Just 35 per cent of LGBTQ professionals feel safe being their authentic selves at work
New data from LinkedIn sheds light on the LGBTQ+ experience at work and what people should look for and expect when deciding to come out professionally.
Choosing to come out to colleagues is a very personal decision. On one hand, it is a significant step towards authentic living and helps to foster an inclusive working environment. On the other, in some circumstances coming out could lead to harassment, being bullied and even have a negative effect on your career.
To coincide with National Coming Out Day (11 October), LinkedIn has released new figures focusing on the LGBTQ+ experience at work. The research offers insights into the process of coming out in a professional setting and some of the factors that should be considered.
The sad reality is that not all LGBTQ+ people are able to live their authentic selves at work, with only 35 per cent of queer professionals feeling safe to do so, the figures suggest. Sixty-one per cent of respondents said they had experienced some form of micro-aggression while at work.
Code-switching and burnout
LinkedIn’s data reveals that 75 per cent of LGBTQ+ professionals surveyed have engaged in a practice known as code-switching, wherein people modify their speech, behaviour or appearance to fit in with what is deemed the “norm” – often a survival strategy employed by many within the LGBTQ+ community.
This intentional inauthentic living takes a toll on those who feel forced to practise it. The figures show that more than half of LGBTQ+ people admitted that code-switching affected their mental health and 38 per cent said it is contributing to burnout.
“It is exhausting,” says Andrew McCaskill, a career expert and director at LinkedIn.
You may like to watch
“It leaves almost no energy for creativity, innovation and building strong relationships. That’s what every company and every career needs most: creativity, innovation and great relationships.”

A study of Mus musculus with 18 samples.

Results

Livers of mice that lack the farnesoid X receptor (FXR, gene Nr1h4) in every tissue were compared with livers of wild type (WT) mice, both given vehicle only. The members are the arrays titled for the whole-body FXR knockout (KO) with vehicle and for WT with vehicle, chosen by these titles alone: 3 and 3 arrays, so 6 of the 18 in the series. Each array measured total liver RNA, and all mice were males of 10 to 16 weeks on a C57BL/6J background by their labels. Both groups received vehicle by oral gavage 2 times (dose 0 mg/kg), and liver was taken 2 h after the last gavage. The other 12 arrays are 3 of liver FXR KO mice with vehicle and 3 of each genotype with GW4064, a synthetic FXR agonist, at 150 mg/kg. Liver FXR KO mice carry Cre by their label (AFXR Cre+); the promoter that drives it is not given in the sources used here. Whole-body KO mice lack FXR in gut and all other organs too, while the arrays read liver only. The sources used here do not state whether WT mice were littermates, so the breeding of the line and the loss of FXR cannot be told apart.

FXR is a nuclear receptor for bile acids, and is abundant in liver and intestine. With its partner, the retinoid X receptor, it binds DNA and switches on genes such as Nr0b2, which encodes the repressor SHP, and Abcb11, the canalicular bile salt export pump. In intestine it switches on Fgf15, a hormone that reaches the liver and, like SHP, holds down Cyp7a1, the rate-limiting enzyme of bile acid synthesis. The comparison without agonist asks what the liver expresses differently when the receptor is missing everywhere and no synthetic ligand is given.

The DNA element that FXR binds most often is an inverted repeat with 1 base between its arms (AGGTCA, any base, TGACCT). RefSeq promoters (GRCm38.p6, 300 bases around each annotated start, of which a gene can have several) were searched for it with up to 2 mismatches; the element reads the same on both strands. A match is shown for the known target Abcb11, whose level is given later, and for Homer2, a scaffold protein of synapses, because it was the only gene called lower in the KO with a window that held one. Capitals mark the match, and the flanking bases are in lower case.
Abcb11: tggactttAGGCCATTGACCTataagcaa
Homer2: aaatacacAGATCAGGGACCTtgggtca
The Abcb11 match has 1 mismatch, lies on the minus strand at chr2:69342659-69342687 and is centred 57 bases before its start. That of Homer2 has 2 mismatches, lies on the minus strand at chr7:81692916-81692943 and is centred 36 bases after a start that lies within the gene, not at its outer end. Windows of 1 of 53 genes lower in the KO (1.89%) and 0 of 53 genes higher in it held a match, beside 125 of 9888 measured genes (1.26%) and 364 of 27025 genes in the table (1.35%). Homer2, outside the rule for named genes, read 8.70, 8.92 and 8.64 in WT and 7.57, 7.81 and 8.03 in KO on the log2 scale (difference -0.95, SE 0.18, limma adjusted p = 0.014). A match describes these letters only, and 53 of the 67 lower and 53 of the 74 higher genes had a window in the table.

‘I felt finally ready to say it louder than a whisper’
For Riven Alyx Buckley, a social media and community manager at a software as a service firm, her sexuality is just one of many layers of her being.
“I don’t actively talk about it, but I don’t actively hide it either,” she tells PinkNews.
Buckley’s decision to come out at work coincided with her company’s Pride activities, and it was during a talk with a colleague and the “look” they gave her which put her in a safe place to be out at work.
“It was the recognition of kindred people,” she recalls. “There was no follow-up question, no prying, just quiet understanding. I felt finally ready to say it louder than a whisper.”
Do find allies, don’t feel pressure to come out
When making the decision to come out at work and in one’s professional life, it is important to be mindful of personal safety, emotional well-being and the potential impact on one’s career.
“Coming out at work is a deeply personal decision,” says McCaskill, “and for better or worse, we know that it can have real career impacts.
“For many of us, we don’t just come out one time. We come out over and over and over again.”
LinkedIn’s data also reveals how important visibility is, with 64 per cent of LGBTQ+ professionals wishing there were more people like them at work.
McCaskill’s best piece of advice is to find a community that can act as a support system and help guide you through the experience.
“We all need community,” he says. “Great careers are not built solo.”
When it comes to the “don’t’s” of coming out at work, Buckley insists that the decision must be the individual’s and should take place in spaces that “make you feel safe, recognised and nourished”.
She adds: “You don’t owe anyone your story, your vulnerability, or your privacy. Sometimes it takes sharing your truth to find those spaces, and sometimes it takes finding those spaces to share your truth.”
MyPinkNews members are invited to comment on articles to discuss the content we publish, or debate issues more generally. Please familiarise yourself with our community guidelines to ensure that our community remains a safe and inclusive space for all.